I have become a volunteer for this year’s RCIA class at Sacred Heart Parish. I did it because I wanted to learn more about the Catholic Church, as I was “fast-tracked” through my RCIA class last year and came in after the first half was over. This RCIA class is BIG! It’s not as big as my class was at the end, but it looks like it will be. My job is to help facilitate the discussion groups.
First of all, I am making a concerted effort to remember names (no small undertaking for me!). That means I have to write them down, which have I started doing. I can’t help but wonder that if I am this bad at remembering names now, what will I be like when I’m 70?
I felt a little like a “Country Bumpkin” when Maryanne, our teacher, was talking about the Bible. So I got out my Catholic Bible I got at RCIA last year, dusted it off, and went to work reading. . . I am starting off by reading the Book of Luke.
Here is how pathetic I am: I had always thought that Luke was one of the 12 Disciples . Hello! He wasn’t!! He was a THIRD-GENERATION Christian.
“Early Christian tradition, from the late second century on, identifies the author of this gospel and of the Acts of the Apostles as Luke, a Syrian from Antioch. The prologue of the gospel makes it clear that Luke is not part of the first generation of Christian disciples but is himself dependent upon the traditions he received from those who were eyewitnesses and ministers of the word. Because of its dependence on the Gospel of Mark and because details in Luke’s Gospel imply that the author was acquainted with the destruction of the city of Jerusalem by the Romans in A.D. 70, the Gospel of Luke is dated by most scholars after that date; many propose A.D. 80-90 as the time of composition.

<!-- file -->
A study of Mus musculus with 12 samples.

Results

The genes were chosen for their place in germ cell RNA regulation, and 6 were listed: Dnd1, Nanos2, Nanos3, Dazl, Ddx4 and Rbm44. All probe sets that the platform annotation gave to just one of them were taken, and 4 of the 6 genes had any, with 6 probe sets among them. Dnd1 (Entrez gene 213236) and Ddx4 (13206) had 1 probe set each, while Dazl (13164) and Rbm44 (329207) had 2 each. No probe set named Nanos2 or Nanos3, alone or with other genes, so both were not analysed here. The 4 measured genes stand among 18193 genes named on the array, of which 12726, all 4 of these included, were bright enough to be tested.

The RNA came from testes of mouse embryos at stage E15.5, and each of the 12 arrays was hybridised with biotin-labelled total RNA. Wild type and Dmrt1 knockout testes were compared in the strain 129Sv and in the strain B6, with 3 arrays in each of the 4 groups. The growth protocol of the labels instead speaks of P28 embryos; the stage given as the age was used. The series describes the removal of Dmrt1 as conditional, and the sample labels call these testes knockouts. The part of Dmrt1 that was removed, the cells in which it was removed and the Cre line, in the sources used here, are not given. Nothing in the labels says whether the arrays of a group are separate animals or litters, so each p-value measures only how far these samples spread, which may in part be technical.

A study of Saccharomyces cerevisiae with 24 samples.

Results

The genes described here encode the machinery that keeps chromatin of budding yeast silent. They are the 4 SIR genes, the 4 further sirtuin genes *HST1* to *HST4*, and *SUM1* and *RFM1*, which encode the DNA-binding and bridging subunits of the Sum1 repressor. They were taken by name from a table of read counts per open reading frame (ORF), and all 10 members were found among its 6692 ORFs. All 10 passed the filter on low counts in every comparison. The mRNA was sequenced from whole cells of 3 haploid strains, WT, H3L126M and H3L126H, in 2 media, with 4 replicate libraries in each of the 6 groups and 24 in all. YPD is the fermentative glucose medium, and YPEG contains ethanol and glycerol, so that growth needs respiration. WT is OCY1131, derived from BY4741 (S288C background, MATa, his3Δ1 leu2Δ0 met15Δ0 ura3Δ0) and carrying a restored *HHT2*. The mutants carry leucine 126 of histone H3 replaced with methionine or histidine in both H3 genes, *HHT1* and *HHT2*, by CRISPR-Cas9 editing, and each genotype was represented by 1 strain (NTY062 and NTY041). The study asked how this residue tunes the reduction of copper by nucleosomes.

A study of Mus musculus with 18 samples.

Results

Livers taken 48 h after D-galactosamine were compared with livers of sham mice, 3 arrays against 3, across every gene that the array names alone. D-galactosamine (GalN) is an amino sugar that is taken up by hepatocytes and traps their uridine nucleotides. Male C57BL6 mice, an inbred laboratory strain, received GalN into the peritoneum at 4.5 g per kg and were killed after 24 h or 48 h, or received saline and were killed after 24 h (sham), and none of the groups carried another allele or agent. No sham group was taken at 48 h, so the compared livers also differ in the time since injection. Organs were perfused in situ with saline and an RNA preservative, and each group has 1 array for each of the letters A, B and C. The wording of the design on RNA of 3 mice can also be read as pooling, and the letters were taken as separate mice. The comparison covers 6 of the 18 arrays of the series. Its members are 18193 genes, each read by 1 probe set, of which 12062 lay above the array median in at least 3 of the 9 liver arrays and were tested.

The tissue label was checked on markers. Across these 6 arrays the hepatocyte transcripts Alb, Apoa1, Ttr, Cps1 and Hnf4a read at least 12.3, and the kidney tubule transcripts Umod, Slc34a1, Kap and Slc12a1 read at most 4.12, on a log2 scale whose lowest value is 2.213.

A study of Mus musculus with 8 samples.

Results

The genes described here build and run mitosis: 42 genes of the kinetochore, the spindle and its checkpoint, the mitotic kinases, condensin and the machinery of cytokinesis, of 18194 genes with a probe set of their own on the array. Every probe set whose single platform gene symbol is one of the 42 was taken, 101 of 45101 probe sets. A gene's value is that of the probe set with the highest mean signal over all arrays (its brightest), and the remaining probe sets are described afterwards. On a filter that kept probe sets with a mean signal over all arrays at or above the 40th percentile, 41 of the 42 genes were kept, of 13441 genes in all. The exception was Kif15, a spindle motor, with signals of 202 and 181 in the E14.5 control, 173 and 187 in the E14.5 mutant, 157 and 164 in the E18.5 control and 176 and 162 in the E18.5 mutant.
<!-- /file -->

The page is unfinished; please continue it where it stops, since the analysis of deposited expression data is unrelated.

Luke’s consistent substitution of the Greek names for the Aramaic or Hebrew names occurring in his sources, his omission from the gospel of specifically Jewish Christian concerns found in his sources, his interest in Gentile Christians and his incomplete knowledge of Palestinian geography, customs, and practices are among the characteristics of this gospel that suggest that Luke was a non-Palestinian writing to a non-Palestinian audience that was largely made up of Gentile Christians. “ (Excerpted from the introduction to the Gospel of Luke, Fireside New American Bible, 2006 – 2007 Personal Study Edition.)
I also learned something else in class that I didn’t know before. Our teacher told us that the Bible is not a single book. Rather, it is a LIBRARY of many books. I had never heard the Bible described in this way.
I am looking forward to this week’s class and what we will learn.